First Project Completed

I just finished my first woodworking project. This is from a guy who never made so much as a birdhouse before. It is a tray with the handle cut in the sides. My wife saw one like it at Pottery Barn and wanted to buy it for $40. I told her I could build something that simple. SO, $70 or so dollars later I finished it. It might not look quite as good but I suspect it will hold up longer and the sentimental value is worth something.
The wood cutting part was fairly straight forward but cutting the handles in the sides with rounded ends was a real.... pain. I learned a lot in the process but it still would be a pain to try it again.
I sanded the wood (pine) down to 220 grit, but now that it's done, I see that I should have sanded more. Then I used a couple of coats of mahoganny stain. I then applied a sanding sealer. Probably didn't need it with Pine but that's what the instructions on the lacquer can said. (I suspect profit motives may have been involved). After spraying the sealer, I did a quick once over with 220 grit sandpaper. I then sprayed about five coats of lacquer. I used 4F pumice followed by 2F pumice and then followed up with rottenstone. I finished it with a carnuba wax. I feel pretty confident about the process and materials, but if anyone has any thoughts or warnings about my method, please fill me in.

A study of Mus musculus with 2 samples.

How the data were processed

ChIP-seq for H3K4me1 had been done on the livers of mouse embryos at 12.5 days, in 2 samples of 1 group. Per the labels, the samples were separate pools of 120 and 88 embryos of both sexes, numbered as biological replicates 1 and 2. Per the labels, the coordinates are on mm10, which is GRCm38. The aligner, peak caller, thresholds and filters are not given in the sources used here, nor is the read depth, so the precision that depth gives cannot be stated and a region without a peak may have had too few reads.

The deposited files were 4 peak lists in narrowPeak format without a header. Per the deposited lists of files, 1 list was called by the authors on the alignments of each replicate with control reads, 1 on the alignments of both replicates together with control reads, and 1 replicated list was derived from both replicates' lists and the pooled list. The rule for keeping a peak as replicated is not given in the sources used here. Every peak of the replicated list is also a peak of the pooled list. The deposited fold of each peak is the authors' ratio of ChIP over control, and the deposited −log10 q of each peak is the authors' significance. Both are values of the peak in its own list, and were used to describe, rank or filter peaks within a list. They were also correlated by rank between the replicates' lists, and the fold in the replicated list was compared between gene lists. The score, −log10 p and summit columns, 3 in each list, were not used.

If I had it to do again, I probably would have used Polyurethane for durability but I had heard a bad thing or two about it. Since then I've come to recognize that it had it's strengths and weaknesses like every finish out there.
I learned that a brush is okay for getting dust out of the corners until the metal part around the bristles brushes against your wood and leaves an ugly divit.
I also learned that you can't read enough about finishes, though it looks like the best teacher will be experience.
A couple of thing are still bugging me. I still haven't figured out how to properly sand inside corners (after staining). I guess using a q-tip to remove excess stain in the corners might have helped and reduced the need for sanding. It also bugs me that there are a few spots on the wood that are near white. I didn't use a wood filler so I'm guessing the lumber company (?) did... Any suggestions on how to fix this in the future?
The important thing is that I enjoyed the process and learned a lot. I'm starting on a multi-room martin bird house now. It doesn't require much in the way of finishing....
Richard A.
Add pictures here
<% if( /^image/.test(type) ){ %>
<% } %>
<%-name%>
Add image file
Upload
Good one.
Try holding the rod a little higher just as you flick the bait out there. And use better bait. Maybe a fly (try a fly-tying newsgroup).
Sheesh.

Add pictures here
<% if( /^image/.test(type) ){ %>
<% } %>
<%-name%>
Add image file
Upload
J.B. Bobbitt wrote:

Oh, I don't know. If it was a real troll, the wood almost certainly would have been cherry and it would have still been stained. And some kind of worry about the wood being 0.001" out of X would have been involved.
Add pictures here
<% if( /^image/.test(type) ){ %>
<% } %>
<%-name%>
Add image file
Upload

HomeOwnersHub.com is a website for homeowners and building and maintenance pros. It is not affiliated with any of the manufacturers or service providers discussed here. All logos and trade names are the property of their respective owners.